Asian stocks slipped on Friday as the United States and China failed to find a resolution over ongoing trade tensions between the two countries.

Meanwhile, the Australian dollar faced its sharpest downfall in a year following comments made by the country’s central bank governor regarding possible cuts in interest rates later in the year.

At The White House on Thursday, U.S. President Donald Trump said that he was ‘unlikely’ to meet with Chinese President Xi Jinping for talks on a possible trade agreement between the US and China before the March 2 deadline. The U.S. President previously declared his intention to raise duties on Chinese goods in the event that the two sides are unable to reach an agreement by March 1.

Asian markets saw a sharp decline in their shares following the US president’s remarks with Hong Kong’s Hang Seng falling 0.8 percent and Malaysia’s KLCI falling .33 percent with a turnover of around 69 million shares. In Japan, the country’s Nikkei index fell 362 points to 20,338.38 while the South Korean Kospi declined 1.2 percent to 2,177.04 points. Meanwhile, Chinese and Taiwanese markets remained closed for the Lunar New Year holidays.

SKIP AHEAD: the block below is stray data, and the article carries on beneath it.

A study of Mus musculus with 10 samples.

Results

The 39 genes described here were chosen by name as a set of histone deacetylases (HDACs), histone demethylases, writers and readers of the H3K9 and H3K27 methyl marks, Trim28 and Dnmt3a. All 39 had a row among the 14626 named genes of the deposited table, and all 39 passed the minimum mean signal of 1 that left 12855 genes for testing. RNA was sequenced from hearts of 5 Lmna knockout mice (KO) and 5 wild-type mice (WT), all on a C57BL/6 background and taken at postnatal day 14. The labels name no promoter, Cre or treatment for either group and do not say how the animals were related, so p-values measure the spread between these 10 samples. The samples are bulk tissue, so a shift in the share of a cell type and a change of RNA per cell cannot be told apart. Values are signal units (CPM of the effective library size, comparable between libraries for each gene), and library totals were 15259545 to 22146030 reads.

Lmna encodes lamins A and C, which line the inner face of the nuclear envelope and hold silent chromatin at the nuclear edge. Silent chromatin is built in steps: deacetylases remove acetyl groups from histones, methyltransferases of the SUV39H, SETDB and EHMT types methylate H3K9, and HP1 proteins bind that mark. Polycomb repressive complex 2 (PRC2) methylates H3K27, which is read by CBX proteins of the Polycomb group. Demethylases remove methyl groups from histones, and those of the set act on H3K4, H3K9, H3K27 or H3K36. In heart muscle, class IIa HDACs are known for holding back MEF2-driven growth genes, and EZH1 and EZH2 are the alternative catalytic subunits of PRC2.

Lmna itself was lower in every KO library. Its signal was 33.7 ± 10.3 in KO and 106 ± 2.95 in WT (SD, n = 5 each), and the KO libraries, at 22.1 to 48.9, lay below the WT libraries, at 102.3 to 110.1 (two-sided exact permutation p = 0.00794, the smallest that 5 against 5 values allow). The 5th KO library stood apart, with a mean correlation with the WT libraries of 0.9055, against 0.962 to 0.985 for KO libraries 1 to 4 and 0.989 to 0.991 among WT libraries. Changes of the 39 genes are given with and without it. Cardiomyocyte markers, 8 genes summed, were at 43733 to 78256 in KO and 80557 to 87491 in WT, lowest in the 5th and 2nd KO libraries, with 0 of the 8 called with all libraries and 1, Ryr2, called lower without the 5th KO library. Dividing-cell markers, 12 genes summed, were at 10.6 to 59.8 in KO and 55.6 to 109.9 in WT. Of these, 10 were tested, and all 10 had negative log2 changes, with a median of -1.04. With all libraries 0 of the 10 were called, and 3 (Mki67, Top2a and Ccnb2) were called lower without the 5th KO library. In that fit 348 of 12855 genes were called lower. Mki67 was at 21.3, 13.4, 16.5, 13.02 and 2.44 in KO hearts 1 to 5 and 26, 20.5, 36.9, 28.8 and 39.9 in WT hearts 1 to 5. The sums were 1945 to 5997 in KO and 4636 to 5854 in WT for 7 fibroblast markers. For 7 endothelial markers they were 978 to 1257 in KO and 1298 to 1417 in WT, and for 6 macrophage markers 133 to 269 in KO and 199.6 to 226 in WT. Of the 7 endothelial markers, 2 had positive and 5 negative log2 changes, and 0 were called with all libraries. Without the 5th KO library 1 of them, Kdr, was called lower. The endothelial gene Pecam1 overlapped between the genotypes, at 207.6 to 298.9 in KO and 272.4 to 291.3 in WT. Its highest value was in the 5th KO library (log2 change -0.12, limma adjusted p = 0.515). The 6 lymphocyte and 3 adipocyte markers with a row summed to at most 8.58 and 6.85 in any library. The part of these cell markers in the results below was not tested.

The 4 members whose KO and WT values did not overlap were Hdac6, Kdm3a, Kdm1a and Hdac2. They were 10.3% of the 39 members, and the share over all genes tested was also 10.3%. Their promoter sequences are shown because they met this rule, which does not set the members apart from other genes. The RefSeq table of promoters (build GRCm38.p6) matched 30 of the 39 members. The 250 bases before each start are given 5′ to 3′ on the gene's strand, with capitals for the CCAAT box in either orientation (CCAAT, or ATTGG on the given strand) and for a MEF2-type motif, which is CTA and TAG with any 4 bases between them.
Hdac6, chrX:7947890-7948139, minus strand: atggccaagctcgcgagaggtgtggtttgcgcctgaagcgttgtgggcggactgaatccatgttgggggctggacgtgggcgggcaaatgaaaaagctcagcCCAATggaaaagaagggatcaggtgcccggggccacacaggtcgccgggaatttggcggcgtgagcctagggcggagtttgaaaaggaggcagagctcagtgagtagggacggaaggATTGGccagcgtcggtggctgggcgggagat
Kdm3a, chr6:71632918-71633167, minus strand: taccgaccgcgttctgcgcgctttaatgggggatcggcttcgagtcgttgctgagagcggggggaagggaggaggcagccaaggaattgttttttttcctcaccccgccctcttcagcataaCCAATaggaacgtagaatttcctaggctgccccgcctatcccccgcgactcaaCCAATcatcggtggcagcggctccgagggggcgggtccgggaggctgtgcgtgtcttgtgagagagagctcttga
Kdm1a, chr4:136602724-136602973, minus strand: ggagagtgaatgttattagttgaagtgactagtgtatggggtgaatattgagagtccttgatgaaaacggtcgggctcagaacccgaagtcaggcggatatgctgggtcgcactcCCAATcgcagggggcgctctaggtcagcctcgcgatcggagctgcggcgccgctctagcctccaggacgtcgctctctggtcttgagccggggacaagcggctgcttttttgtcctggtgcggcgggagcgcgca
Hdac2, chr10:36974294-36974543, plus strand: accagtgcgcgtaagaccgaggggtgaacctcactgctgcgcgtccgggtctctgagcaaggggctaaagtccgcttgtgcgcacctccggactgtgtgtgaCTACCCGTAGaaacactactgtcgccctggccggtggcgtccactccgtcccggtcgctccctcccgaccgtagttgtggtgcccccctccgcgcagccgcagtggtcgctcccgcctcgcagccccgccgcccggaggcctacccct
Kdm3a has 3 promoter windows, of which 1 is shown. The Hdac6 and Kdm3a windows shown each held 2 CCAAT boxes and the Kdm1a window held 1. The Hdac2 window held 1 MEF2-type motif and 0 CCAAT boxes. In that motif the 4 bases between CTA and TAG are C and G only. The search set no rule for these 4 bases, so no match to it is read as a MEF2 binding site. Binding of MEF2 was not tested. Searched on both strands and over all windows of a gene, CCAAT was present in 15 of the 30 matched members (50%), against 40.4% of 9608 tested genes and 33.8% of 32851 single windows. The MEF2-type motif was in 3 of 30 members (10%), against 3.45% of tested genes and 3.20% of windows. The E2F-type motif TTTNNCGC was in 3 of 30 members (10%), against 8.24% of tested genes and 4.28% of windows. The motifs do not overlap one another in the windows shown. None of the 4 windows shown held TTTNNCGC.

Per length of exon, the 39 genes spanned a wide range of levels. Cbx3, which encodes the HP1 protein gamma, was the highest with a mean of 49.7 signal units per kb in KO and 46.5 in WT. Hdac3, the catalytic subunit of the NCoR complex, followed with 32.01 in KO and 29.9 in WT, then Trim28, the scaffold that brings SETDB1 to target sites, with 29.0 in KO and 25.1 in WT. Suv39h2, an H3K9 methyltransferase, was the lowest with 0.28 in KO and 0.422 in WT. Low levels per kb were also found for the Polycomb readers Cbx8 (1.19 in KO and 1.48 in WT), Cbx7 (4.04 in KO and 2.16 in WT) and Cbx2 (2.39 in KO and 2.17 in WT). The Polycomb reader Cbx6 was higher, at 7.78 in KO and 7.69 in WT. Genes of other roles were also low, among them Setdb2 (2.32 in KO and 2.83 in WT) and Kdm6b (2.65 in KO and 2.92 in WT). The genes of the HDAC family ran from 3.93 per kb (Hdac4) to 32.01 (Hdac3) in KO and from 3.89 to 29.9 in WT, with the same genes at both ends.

The lack of progress on US-China trade negotiations has elicited fears from investors concerned over the implications of the dispute between the world’s two largest economies both globally and business-wise. A recent survey conducted by London-based services company PricewaterhouseCoopers showed that among CEOs in the Asia-Pacific region, fear of trade conflicts is now perceived as being the primary threat to prospects for revenue growth over the short and medium-term.

In Australia, the nation’s currency fell 0.71 percent against the U.S. dollar after the head of the country’s reserve bank signaled the possibility of cutting interest rates in response to declining consumption trends and property prices. In a speech delivered at Australia’s National Press Club on Friday, Reserve Bank Governor Phillip Lowe mentioned the likelihood of cutting interest rates in the event that consumer spending and stagnating wages were to maintain their downward trend.

Lowe’s announcement is said to have caught investors off-guard after he had previously signaled the possibility of stepping up interest rates. Comments made in response to the declaration have been generally mixed with The Australian Financial Review’s John Kehoe opining that economic growth was better guaranteed by higher pay to workers and increased business productivity. Others however have perceived the rise in interest rates as being inevitable. The Australian Commonwealth Bank’s chief economist, Michael Blythe, remarked, “It appears to be about the balance of risks. If you were just looking at the forecasts, you would say that the next move is up.”